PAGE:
Amazingly, most people commonly associate with April 20th as the global jubilee of cannabis. However, there is a far more important event in history that is shadowed on April 20th by this seemingly pointless global event. April 20 significantly is the date that Harriet Tubman enacted the Underground Railroad and freed hundreds from slavery.
Harriet Tubman is one of the many well-known women in Black History. She was born to enslaved parents, Harriet “Rit” Green and Ben Ross in Dorchester County, Maryland, and was originally named Araminta Harriet Ross. Harriet was one of nine children born to Ben and Rit in the early to mid 1800’s. Though Araminta, or “Minty’s” birth is unknown, it is presumed she was born between 1820 and 1825.
Despite the early separation of Minty’s family and the years of endured hardship living an enslaved life. There was so many years of physical and psychological abuse from the slave owners. Minty had the scars to prove the hardships of her life. There was one violent incident in her life that was so severe, Minty lived the rest of her life with extreme headaches and narcolepsy.
Even though there were many trials in her life, Arminta was determined to excel above her situation and circumstances. Freedom was such a thin line for Harriet Tubman’s family. By age 45, Ben, Harriet’s father, was granted freedom as stipulated in the will of his previous owner. However, there were few options after his gained freedom other than to continue working as a foreman and timber estimator for his past owners.
Although similar emancipation stipulations applied to Rit, Harriet’s mother and her children, the people who owned their family chose not to free them. Ben had little to no power to challenge the decision to keep his family enslaved. By the time Harriet was an adult, about half of the African – American slaves on the eastshore of maryland had been freed. It was not unusual at that time for families to include free and enslaved members.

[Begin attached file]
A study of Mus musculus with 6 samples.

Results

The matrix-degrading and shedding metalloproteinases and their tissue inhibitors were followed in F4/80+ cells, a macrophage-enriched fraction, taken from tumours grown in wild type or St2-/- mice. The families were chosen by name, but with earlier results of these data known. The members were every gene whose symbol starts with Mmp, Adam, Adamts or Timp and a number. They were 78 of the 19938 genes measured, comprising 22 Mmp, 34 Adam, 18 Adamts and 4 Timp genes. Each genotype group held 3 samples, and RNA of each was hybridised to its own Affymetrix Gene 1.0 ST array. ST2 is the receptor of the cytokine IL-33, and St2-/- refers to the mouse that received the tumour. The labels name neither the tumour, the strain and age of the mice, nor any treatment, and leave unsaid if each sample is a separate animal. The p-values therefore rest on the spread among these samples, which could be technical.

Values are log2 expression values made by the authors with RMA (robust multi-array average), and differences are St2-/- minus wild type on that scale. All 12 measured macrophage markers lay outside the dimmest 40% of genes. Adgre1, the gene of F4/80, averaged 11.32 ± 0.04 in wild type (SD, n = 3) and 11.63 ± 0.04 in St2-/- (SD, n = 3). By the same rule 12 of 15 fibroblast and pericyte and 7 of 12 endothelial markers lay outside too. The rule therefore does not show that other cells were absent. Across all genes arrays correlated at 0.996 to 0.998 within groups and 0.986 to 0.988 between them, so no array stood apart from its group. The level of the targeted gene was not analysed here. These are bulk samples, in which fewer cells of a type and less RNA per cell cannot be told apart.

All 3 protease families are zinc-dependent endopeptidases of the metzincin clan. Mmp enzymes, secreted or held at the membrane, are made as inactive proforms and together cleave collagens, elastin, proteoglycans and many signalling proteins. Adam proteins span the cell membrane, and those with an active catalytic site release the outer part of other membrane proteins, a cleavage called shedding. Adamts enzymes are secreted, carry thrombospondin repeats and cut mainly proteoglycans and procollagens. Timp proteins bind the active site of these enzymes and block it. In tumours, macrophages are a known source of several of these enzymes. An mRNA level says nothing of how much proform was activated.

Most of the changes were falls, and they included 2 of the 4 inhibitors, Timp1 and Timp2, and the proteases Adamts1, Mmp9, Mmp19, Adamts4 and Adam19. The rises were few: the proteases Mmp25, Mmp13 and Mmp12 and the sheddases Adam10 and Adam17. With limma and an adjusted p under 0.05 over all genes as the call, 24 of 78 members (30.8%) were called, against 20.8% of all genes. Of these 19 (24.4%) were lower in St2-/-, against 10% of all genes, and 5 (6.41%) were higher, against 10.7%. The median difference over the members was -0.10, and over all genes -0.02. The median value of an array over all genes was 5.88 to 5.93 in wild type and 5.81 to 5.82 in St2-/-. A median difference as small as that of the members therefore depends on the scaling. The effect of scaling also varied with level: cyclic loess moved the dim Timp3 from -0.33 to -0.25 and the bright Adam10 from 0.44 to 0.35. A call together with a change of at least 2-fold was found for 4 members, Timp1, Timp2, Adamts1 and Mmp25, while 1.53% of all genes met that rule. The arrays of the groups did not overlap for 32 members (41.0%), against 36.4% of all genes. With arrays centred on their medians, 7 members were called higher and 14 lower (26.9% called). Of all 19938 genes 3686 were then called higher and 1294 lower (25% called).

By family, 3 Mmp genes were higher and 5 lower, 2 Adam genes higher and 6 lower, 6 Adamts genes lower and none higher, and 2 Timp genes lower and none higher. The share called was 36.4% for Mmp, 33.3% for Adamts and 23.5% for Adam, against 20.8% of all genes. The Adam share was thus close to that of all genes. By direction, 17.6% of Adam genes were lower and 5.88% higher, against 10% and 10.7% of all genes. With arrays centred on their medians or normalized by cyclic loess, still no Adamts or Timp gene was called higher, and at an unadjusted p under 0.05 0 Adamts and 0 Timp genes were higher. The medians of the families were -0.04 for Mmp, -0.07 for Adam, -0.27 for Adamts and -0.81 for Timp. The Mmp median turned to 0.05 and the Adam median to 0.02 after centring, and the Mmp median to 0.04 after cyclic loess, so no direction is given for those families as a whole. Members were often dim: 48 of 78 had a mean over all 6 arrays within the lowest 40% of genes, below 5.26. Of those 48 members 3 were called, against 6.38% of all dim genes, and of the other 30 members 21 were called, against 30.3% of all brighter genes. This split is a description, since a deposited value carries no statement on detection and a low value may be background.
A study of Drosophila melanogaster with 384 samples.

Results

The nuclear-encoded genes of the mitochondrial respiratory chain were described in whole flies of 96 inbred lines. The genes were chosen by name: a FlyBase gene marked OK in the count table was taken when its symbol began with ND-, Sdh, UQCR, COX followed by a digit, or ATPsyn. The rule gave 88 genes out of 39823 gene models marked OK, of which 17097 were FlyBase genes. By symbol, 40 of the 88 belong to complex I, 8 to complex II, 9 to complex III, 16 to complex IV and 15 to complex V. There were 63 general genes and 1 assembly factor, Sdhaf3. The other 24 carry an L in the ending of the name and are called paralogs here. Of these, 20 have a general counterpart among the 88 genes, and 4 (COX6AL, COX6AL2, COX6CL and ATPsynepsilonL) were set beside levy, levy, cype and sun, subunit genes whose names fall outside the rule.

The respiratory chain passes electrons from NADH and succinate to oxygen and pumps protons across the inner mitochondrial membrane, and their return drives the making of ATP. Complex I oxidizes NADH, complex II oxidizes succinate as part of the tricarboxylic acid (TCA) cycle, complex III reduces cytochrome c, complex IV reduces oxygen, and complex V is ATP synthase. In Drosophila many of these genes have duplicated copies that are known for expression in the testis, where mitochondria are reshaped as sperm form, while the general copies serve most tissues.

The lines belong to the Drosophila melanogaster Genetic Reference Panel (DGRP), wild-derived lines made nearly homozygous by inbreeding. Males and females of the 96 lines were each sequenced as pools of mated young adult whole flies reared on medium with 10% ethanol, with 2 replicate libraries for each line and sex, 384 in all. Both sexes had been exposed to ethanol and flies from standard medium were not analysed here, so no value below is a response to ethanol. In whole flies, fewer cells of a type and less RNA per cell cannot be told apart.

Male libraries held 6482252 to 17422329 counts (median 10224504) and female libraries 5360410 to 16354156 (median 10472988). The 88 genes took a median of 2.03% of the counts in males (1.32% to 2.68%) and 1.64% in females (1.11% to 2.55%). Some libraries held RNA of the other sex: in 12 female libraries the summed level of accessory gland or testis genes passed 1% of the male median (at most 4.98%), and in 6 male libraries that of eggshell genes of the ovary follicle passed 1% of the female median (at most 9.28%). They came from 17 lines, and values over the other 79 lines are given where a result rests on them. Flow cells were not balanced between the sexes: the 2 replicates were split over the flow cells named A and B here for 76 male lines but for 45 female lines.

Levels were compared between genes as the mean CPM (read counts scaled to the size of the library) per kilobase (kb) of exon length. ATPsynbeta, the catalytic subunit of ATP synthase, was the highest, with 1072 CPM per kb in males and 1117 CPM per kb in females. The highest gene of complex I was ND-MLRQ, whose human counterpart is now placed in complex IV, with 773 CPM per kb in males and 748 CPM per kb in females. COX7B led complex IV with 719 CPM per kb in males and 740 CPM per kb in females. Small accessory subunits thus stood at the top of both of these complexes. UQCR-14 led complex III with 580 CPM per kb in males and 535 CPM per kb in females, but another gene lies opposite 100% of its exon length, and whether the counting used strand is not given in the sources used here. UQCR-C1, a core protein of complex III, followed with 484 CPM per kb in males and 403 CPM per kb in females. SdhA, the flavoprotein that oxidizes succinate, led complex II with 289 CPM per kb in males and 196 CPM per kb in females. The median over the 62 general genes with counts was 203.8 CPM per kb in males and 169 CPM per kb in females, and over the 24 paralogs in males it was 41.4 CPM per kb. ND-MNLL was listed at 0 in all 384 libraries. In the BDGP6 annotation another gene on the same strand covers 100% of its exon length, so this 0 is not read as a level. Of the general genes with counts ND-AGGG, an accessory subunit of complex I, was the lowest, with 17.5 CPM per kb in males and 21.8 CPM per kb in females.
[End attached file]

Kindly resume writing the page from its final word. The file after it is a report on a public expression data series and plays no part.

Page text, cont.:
By 1844. Harriet married a free black man by the name of John Tubman. Very little is known about John or his marriage to Minty. Any children they may have had would have been considered enslaved since Harriet was still enslaved at the time of her and John’s marriage. Araminta changed her name at the time of marriage to Harriet, possibly to honor her mother.
Upon severe illness and the death of her owner in 1849, Harriet escaped slavery into Philadelphia.Three years later by 1853, Harriet took her sister and her sister’s two children. A year later she went back for her brother, and by 1857 she had gone back for her elderly parents.
As the characteristics of slavery changed in 1850, the “Fugitive Slave Law” stated that escaped slaves living in the North could be captured and returned to slavery. Because of this, Harriet rerouted the Underground Railroad to Canada which forbid slavery without exceptions or conditions. Within a decade, Harriet Tubman had made a course of 19 trips back into the South with the use of the Underground Railroad and personally escorted 300 slaves to freedom into the North.
As an African – American person living in the Americas, 420 should have a lot more significance to life than just a day to celebrate being a pot-head. It is a moment in time and history that one enslaved woman stood above many, risking her freedom and life to passionatley save many of her enslaved people. Knowledge is power and the voice of reason.
– Keep growing and glowing.
About the author:
Ife’ Miller is a diversified writer in all spectrums of poetry and subjects of life. She’s been writing since age seven and continues to expand her writting styles. Self published author of Metamorphosis of a Butterfly: Collaborations of My Mind, CEO and Founder of RREM Business Consulting, RREMBC Webdesign and VA Services, and life long advocate and public speaker currently residing in Houston, Texas as she continues to be her brand and build her business.